With its violent murders and desperate cover-ups, this film is fresh territory for the veteran Hiroki, who had settled into a pattern of alternating mass audience romantic dramas with critically acclaimed indie fare, but broke the cycle last year with the Netflix road movie “Ride or Die” starring Kiko Mizuhara and Honami Sato.

“Noise” is also on the commercial side of the scale but Hiroki’s signature feathery camerawork, which sensitively observes rather than mechanically records, sets the film stylistically apart from other mainstream films. Also, his musical tastes, which lean more toward tuneful understatement than broad-stroke underlining of emotional beats, are reflected in his collaboration with Yoshihide Otomo, a composer and guitarist whose thrumming bass notes deliver a Tarantino-esque tension and cool. Meanwhile, classical warhorses provide black comic counterpoints to the more frantic — and deadly — goings-on.

Noise
Rating
Run Time 115 mins.
Language Japanese
Opens Jan. 28

The film begins with a cheery middle-aged man extolling the virtues of the island as he drives a creepily silent passenger (Daichi Watanabe). Without warning the passenger fatally strangles his guide and, leaving the car, slinks into the property of Keita Izumi (Tatsuya Fujiwara), a farmer whose fig trees power the island’s economy.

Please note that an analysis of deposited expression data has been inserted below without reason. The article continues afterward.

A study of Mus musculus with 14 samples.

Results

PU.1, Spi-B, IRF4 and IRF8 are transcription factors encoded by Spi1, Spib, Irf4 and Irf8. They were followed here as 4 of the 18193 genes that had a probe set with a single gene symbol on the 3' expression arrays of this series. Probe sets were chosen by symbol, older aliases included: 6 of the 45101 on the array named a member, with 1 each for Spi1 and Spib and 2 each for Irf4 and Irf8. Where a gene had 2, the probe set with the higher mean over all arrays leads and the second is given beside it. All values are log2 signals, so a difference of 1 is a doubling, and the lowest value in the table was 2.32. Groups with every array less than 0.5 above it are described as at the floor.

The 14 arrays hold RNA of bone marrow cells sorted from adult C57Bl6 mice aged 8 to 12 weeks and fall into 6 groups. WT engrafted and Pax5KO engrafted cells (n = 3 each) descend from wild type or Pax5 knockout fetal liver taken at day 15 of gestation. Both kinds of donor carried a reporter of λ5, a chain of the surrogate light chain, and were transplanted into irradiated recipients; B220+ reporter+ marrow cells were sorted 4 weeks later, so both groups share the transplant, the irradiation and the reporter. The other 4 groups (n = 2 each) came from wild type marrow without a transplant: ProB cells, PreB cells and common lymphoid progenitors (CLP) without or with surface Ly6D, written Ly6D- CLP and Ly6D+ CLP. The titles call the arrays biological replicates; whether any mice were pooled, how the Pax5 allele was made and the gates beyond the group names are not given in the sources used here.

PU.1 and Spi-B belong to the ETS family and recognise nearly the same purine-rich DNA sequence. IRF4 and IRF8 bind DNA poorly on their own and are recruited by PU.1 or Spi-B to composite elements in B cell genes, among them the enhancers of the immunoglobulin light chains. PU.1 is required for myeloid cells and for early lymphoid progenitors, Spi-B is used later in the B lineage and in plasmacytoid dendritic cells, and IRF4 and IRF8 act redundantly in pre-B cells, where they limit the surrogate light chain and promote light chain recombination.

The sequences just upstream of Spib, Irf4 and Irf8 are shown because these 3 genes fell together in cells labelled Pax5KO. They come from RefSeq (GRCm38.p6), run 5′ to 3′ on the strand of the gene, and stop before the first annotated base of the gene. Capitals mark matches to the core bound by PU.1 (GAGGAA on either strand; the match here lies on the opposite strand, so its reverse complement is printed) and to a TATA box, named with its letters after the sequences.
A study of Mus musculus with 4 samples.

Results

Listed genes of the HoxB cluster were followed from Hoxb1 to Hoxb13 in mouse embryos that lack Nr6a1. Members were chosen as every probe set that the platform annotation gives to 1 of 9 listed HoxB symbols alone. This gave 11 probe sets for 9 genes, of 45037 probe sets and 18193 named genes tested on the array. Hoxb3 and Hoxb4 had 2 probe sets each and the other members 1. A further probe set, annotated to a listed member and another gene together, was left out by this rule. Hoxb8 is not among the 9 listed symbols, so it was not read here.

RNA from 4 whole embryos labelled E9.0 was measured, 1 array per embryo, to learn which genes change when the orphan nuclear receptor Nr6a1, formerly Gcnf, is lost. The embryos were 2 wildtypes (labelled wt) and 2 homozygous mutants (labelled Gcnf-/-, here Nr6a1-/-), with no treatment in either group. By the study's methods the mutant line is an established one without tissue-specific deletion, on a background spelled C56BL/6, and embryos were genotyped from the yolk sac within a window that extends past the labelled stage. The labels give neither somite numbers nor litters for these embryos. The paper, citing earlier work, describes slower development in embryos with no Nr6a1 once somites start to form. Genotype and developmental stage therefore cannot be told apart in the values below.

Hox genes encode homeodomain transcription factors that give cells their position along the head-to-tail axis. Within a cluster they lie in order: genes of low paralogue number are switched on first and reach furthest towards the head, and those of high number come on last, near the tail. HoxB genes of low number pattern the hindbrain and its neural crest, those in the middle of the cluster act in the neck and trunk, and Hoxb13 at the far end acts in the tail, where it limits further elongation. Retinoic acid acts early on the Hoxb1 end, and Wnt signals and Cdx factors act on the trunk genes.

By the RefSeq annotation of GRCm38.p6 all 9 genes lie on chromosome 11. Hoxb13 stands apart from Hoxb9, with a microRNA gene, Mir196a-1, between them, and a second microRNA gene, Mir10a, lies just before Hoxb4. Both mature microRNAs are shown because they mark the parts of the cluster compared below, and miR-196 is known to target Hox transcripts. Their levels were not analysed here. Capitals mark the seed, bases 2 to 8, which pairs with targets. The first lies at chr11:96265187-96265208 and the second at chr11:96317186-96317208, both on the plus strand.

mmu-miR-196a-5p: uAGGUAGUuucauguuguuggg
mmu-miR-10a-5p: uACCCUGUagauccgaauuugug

A moody local hunter (Kenichi Matsuyama) and a nervous rookie cop (Ryunosuke Kamiki), both of whom are Keita’s childhood friends, spot the driver’s killer (while being unaware of his crime) and soon after Keita’s young daughter goes missing. Suspecting him of kidnapping, the trio confront the intruder and, in a struggle with the angry Keita, he is accidentally killed. When the girl is found unharmed, Keita and his friends realize they have both the wrong man and an inconvenient corpse.

The fig farmer knows that if he turns himself in his family and business will suffer a grievous blow. Also, the community is about to receive a large government grant, but this much-needed windfall may go up in smoke if Keita, who has become the island’s spokesman and star, is arrested. With the help of his two friends, who also want to protect the island, Keita decides to hide the body and stonewall the mainland cops when they come calling. The result is more bodies and lies.

That all this must end badly is obvious, but the story takes turns that are both surprising and shocking. It also evolves from a police procedural with a scruffy detective (Masatoshi Nagase) in a trench coat doggedly ferreting out the truth to a deeper commentary on the high price of group loyalty and the darker stirrings of the human heart.

Last seen together as co-stars on the hit “Death Note” films, Matsuyama and Fujiwara create a synergy that brings out their best as actors, though their characters are more conflicted. Old friends, we see, can keep old grievances alive, even if only one is aware they still exist.